Our Opinion

We like
Engine tractability, fuel economy, ride/handling, comfort
Room for improvement
Cruise control placement, noise/vibration when cold

26 Apr 2002

PEUGEOT thankfully persists with its turbo-diesel HDi versions of the 406 sedan and wagon. For a mid-size prestige Euro import, the HDi Peugeot is stunningly economical and not at all lacking in on-road verve.

It is also well priced, not hugely more expensive than the base 2.0-litre petrol version, and well equipped with alloy wheels, climate control air-conditioning and a trip computer all part of the package.

Underlying all this is arguably the best suspension in its class and a spacious, comfortable interior.

The current Peugeot 406 was revamped in August 1999, mainly freshening up the styling with new front and rear ends (where there is a new boot profile) and upgrading safety with the introduction of new low-impact front airbags (side bags were added a little later), taller headrests to help reduce whiplash injury and new generation Bosch anti-lock braking with electronic brake force distribution. The headlights are better too, using double parabola design with H7 halogen globes.

Inside, the 406 gained a cleaned-up dash with new displays and instruments, more ergonomically correct door panels and a splashing of aluminium on the handbrake lever and ventilation ducts.

The seats were reshaped for better support as well as gaining new trim materials.

The upshot is that the 406, never really wanting for interior comfort, was subtly improved in terms of passenger comfort, complementing the suspension and helping customers feel they have made the right choice by taking the French option when choosing their entry level prestige car.

The instrument panel, apart from a revised instrument cluster with new dials and a relocation of centre console controls with improved HVAC operation, remains essentially untouched. So the view from the driver's seat is pretty much as before, although there is a new steering wheel with press-pad horn operation replacing the previous stalk-operated function.

A neat feature that has appeared on the newest Peugeots is the rain-sensitive windshield wiper system that operates on intermittent mode.

The front seats are comfortable and supportive and there is plenty of adjustment to suit drivers of all sizes. About the only beef from our team was the placement of the cruise control stalk underneath the left-hand indicator stalk.

The back seat is favoured by adequate legroom and well shaped, supportive seats although it is a little narrow when you try to squeeze in three adults.

The turbo-diesel engine churns out what seems like a meagre 82kW but that is supported by an impressive 255Nm of torque that comes in at just 1750rpm. This means the Peugeot is in its best operating range from not far above idle to 4000rpm where its 82kW is developed.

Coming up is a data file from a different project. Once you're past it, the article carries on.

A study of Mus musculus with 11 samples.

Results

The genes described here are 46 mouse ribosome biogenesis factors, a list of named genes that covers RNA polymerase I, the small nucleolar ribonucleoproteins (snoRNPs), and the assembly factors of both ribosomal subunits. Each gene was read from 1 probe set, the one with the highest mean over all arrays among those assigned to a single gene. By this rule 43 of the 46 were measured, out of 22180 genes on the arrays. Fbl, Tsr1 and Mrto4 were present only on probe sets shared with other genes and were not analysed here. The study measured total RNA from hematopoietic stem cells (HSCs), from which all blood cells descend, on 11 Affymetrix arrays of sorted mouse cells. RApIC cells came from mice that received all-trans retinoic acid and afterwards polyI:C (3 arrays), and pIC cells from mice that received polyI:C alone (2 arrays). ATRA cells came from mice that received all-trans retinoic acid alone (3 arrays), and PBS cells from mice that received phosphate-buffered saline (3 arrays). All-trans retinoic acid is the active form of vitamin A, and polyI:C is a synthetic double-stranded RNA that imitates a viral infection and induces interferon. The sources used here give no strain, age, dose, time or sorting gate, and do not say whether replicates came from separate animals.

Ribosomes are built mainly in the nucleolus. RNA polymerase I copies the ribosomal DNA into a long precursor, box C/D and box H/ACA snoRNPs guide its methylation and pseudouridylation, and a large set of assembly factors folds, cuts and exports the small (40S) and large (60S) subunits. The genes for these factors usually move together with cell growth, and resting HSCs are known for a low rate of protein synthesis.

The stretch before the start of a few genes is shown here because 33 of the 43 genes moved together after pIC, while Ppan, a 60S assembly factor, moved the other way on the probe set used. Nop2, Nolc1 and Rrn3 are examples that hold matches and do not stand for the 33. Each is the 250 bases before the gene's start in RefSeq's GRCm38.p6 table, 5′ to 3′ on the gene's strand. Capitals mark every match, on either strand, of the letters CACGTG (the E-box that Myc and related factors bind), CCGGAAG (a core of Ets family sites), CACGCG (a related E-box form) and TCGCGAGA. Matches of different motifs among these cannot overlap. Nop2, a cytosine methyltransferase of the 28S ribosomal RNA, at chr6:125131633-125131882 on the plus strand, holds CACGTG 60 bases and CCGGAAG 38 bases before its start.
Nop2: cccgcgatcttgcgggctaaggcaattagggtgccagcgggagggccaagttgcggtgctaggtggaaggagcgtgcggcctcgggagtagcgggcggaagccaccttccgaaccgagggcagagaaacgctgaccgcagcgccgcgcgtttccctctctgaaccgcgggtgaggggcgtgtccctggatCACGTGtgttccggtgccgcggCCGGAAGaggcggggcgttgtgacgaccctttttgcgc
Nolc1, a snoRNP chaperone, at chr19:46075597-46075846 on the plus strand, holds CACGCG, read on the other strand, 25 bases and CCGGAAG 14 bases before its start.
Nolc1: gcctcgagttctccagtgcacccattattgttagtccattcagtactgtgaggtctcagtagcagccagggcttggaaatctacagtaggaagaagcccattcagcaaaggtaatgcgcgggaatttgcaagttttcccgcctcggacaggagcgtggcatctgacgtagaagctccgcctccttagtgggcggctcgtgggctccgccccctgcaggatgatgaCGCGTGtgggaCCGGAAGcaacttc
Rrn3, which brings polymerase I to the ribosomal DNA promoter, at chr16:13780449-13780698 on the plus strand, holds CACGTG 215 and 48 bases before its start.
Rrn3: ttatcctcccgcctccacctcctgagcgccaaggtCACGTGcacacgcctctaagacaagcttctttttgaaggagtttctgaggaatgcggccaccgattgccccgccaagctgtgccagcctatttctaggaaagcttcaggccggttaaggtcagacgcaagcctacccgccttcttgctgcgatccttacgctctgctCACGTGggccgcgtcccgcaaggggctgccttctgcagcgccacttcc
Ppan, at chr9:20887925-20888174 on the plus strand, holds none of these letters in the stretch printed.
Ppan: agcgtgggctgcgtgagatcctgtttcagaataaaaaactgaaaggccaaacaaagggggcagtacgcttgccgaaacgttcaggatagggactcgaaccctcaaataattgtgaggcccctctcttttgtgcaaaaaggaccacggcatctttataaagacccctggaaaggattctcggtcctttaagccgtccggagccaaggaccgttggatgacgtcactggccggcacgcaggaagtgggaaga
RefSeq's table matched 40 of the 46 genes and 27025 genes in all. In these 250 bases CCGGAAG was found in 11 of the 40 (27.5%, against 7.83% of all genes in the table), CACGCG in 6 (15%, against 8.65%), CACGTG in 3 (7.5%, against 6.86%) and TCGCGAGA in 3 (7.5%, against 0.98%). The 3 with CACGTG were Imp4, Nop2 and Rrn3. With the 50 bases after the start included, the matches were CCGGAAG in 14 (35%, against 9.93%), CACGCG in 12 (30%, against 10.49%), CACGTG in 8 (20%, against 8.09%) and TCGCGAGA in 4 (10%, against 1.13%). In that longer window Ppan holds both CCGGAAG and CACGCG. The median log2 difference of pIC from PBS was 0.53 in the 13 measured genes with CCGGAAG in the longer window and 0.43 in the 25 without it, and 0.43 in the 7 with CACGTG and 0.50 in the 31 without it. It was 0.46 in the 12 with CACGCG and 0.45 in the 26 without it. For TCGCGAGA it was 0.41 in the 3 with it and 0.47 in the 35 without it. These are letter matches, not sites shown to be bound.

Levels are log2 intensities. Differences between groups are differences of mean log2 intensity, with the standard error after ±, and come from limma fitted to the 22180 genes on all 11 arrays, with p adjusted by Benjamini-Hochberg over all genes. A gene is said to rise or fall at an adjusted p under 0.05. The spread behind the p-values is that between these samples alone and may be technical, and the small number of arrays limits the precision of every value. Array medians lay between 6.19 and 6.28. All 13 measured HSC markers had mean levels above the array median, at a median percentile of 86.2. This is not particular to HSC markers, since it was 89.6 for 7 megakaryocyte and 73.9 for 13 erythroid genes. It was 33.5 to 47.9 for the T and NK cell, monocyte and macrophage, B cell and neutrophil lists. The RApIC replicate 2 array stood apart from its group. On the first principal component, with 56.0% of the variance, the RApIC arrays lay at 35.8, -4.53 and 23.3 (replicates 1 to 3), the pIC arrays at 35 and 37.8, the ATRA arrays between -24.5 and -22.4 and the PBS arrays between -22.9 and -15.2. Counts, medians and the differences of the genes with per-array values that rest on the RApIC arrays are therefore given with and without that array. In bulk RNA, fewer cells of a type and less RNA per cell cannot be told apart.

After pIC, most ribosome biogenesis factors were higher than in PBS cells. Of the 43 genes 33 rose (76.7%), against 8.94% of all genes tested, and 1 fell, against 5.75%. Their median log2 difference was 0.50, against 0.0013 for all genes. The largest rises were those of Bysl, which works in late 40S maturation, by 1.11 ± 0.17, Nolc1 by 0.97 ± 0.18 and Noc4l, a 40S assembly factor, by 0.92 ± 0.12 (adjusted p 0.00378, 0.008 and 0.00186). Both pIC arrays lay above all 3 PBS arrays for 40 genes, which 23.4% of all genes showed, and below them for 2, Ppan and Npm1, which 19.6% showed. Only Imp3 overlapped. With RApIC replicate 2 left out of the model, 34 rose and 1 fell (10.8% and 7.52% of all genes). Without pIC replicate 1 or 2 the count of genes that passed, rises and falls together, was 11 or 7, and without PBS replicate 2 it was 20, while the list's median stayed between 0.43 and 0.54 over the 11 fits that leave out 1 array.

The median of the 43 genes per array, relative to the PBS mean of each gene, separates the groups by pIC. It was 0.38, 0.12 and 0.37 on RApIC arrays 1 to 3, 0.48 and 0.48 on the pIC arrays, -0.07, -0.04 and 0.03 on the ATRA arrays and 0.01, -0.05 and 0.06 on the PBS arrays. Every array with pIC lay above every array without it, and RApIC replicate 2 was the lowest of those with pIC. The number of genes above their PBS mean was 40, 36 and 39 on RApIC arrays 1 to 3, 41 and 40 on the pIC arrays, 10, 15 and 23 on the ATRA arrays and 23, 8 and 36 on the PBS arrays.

In practice, the HDi responds best if allowed to make use of torque, rather than revs. It will slog away with surprising energy from anything above 2000rpm and does not need much more than 3000rpm before shifting up a gear. Even with a full load on board, it will charge up hills in fifth gear without slackening the pace.

At slower speeds and at idle, the typical diesel clatter does intrude a little, especially when the engine is cold, but is virtually non-existent at cruising speeds.

Partly because it never asks to be revved, but largely because of the fuel efficiency of diesels, the 406 HDi will easily return highway fuel consumption figures better than 5.5 litres per 100km, meaning touring ranges of more than 1200km can be expected. Only one other car in the prestige class - the Citroen C5 HDi - can claim figures like that.

Our test car was a manual, which meant the intrinsic values of the engine were easily exploited. The box shifts smoothly and the clutch is nice and progressive. Remembering the tardy behaviour of the auto gearbox used in V6 Peugeots, we suspect the manual might be the better option for diesel buyers, who are less likely to be tempted by smoothness and luxury than the endearing characteristics of a diesel.

That said, the marriage between turbo-diesels and automatics is usually a happy one, so it could be the diesel is better in auto form than the six-cylinder.

The car steers well even though the HDi gets only the engine speed-sensitive system and not the road speed-sensitive system used in the V6. It is communicative, well weighted and never a problem when parking.

The sizeable Peugeot turns in with crispness, is unfazed by bumps and corrugations and generally feels light on its feet compared to most of its opposition.

And the ride, at first feeling nothing special, quickly shows its mettle with good absorbency, nice pitch control and a lack of underbody crashes and thumps.

The Bosch 5.3 anti-lock braking system, with four-wheel discs and brake force distribution, is always comforting and sure-footed.

With a decent list of standard equipment including twin front and side airbags, anti-lock brakes, alloy wheels, electric windows, CD player, trip computer and cruise control, the 406 HDi is kitted out in the manner to which cars of its class are accustomed.

Back this up with the diesel's economy, excellent cruising ability and high standards of quality and you have a niche within a niche that has a special appeal to Australian buyers who want a little extra character in their European car choice.

Diesel makes a little less sense here than it does in Europe where prices are generally lower than petrol, but it is still hard to argue with a cruising range of better than 1200km from one tank.